Confession is humbling, embarrassing, and at times, even mortifying. So why bother? Wouldn’t it be easier to simply hide our sins and pretend all is well? Denial might be easier, but if we want to get free from sin, confession needs to become a regular part of our lives.
Confession helped me break my 40-year habit of lying. I never cheated the IRS or padded my resumé, but I did lie to cover up my father’s alcoholism and to avoid conflict. If I feared being judged because I wasn’t up to date on the topic of conversation in a social setting, I would fake it instead of just saying, “I don’t know anything about that. Can you summarize it for me?”
Fast forward to the early years of my marriage. When my husband asked me if I was angry or upset, I side-stepped the truth without hesitating. I couldn’t see this at the time but my habit of lying prevented others from fully knowing me.
It was only when I began to read the Bible more intently that I started to realize lying and following Jesus were incompatible because God hates lying (see Prov. 11:1, Eph. 4:25, Col. 3:9). Once convicted I needed to change, I told my husband I planned to confess to him every time I lied until I stopped. The more I confessed, the less I was tempted to lie. It took about a year of faithfully confessing but then I was free. Confession did what nothing else could.
What is confession and why do we avoid it?
Confession is an honest, humble admission of the ways we have fallen short of God’s commands. It’s about our failures. While we can—and should—confess to God, the practice of confessing to another human being is what gives us the most leverage to break free from sin. Hence the passage “confess your sins to each other so that you might be healed” (James 5:16).
Few of us like to admit our failures. This is particularly true in a culture like ours where image is everything. The Apostle John’s words are just as apropos today as they were two thousand years ago when he wrote them: “If we claim we have no sin, we are only fooling ourselves and not living in the truth” (1 John 1:8). In other words, we won’t grow if we don’t confess because denial thwarts transformation.
It all comes down to what we want. Is our primary goal to get others to like us? To avoid conflict at all cost? To appear flawless? Or do we really want to grow into mature believers?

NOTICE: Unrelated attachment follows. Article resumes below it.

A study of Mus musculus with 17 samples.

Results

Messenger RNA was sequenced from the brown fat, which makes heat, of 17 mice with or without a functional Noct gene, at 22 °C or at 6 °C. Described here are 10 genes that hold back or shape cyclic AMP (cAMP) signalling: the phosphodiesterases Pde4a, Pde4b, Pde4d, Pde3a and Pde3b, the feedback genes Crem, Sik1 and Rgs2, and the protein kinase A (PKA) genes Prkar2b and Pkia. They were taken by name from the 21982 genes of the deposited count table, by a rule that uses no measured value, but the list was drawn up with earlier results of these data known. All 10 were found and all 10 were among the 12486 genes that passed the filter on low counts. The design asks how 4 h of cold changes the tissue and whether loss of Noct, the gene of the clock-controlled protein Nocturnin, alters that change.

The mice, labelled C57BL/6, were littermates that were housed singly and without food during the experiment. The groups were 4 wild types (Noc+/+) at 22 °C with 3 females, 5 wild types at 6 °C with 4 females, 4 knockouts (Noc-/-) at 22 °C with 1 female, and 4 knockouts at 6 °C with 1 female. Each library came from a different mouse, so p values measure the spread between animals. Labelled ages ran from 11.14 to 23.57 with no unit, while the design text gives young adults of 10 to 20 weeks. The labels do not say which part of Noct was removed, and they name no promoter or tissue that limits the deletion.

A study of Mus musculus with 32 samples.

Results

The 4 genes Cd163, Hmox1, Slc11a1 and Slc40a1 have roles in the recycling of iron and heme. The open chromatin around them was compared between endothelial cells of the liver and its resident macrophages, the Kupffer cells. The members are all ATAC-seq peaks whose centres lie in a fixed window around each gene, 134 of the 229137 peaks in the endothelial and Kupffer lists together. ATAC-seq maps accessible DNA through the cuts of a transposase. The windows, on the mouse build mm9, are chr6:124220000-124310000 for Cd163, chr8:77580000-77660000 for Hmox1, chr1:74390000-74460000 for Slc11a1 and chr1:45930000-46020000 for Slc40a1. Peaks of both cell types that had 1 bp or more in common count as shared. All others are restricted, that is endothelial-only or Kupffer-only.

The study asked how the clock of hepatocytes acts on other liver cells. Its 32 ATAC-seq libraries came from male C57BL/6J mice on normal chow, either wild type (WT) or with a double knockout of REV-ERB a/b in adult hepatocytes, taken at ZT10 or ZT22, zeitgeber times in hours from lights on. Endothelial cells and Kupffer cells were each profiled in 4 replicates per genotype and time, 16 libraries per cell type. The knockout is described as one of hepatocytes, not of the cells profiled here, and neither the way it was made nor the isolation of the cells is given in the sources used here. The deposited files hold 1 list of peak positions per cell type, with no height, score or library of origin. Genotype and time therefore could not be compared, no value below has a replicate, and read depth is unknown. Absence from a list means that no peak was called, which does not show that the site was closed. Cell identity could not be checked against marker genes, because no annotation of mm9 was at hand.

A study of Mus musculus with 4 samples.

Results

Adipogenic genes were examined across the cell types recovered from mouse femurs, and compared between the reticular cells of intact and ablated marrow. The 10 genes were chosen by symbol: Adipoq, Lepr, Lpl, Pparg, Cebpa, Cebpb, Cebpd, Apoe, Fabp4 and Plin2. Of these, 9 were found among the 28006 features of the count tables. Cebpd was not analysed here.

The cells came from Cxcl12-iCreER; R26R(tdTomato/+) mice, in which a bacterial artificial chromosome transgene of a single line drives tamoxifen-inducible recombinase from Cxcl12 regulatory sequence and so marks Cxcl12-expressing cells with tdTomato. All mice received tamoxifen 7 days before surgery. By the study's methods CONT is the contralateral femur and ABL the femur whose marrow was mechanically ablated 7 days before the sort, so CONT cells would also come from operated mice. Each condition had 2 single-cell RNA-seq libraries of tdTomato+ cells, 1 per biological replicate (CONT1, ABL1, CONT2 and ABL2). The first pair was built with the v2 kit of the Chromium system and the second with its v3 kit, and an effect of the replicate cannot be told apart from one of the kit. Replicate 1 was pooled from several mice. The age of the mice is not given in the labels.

What should we confess?
Unless we’re planning a surprise party, anything we’re tempted to hide needs to be confessed. My husband and I routinely confess obvious sins (e.g., harshness or angry outbursts with our kids), as well as the easily-concealed sins such as greed, bitterness, sloth, and gluttony. Other than God, no one would ever know when I’m coveting my neighbor’s house, automobile, vacation, or salary. Likewise, if I’m careful, I can easily conceal when I turn to food for comfort. As I write in Making Marriage Beautiful, “Most of us avoid the jail-worthy sins such as tax fraud and drug peddling but silently struggle with the stealthy sins of the heart. . . . No one is going to call 911 on us for these sins, but they are not without cost and should not be omitted in our confessions.”
I’ve also gotten in the habit of confessing temptations. That means when I’m tempted to spend money we don’t have or pop off at someone on the internet, I’ll communicate that to my husband as a form of accountability. Normally, that stops me in my tracks.
While we do need to confess certain feelings—like lust or hatred—other feelings are not sins and don’t need to be confessed. However, they may reveal that we need to talk with someone, perhaps a professional therapist. These might include shame, depression, or loneliness.
How to confess
Through my personal and pastoral care experiences, I’ve learned a few things about how to confess.
- Take ownership rather than blaming or excusing. In terms of causality, what was going on prior to the sin matters (e.g., you just got fired or you were lonely) but when you confess, avoid contextualizing. The confession should take 30 seconds. The conversation after that might take two hours.
- Be specific. Being vague empowers sin. Admitting, “I watched online porn for three hours after you went to bed on Saturday night” is better than, “I watched some things I shouldn’t have the other day.” You can skip the gory details.
- After you confess a sin that has affected someone, listen well and choose to be empathetic and humble. You could ask, “How did my sin affect you?” Try not to get defensive—even if the other person becomes angry.
- Apologize fully, as in, I’m sorry for being harsh last night at dinner versus a petulant, Sorry! a la Carol Burnett.
- When you are hearing someone’s confession, hold it in confidence. What is revealed in a confession should not become fodder for casual conversation the next day. (Different rules apply if the person confessing reveals harm done to minors or suicidality.)
Confession not only helps us to stop sinning but also allows us to become fully known by others. When our friends and family see us for who we truly are and love us anyway, it’s powerful. In fact, that’s what it looks like when the kingdom of God breaks into our world.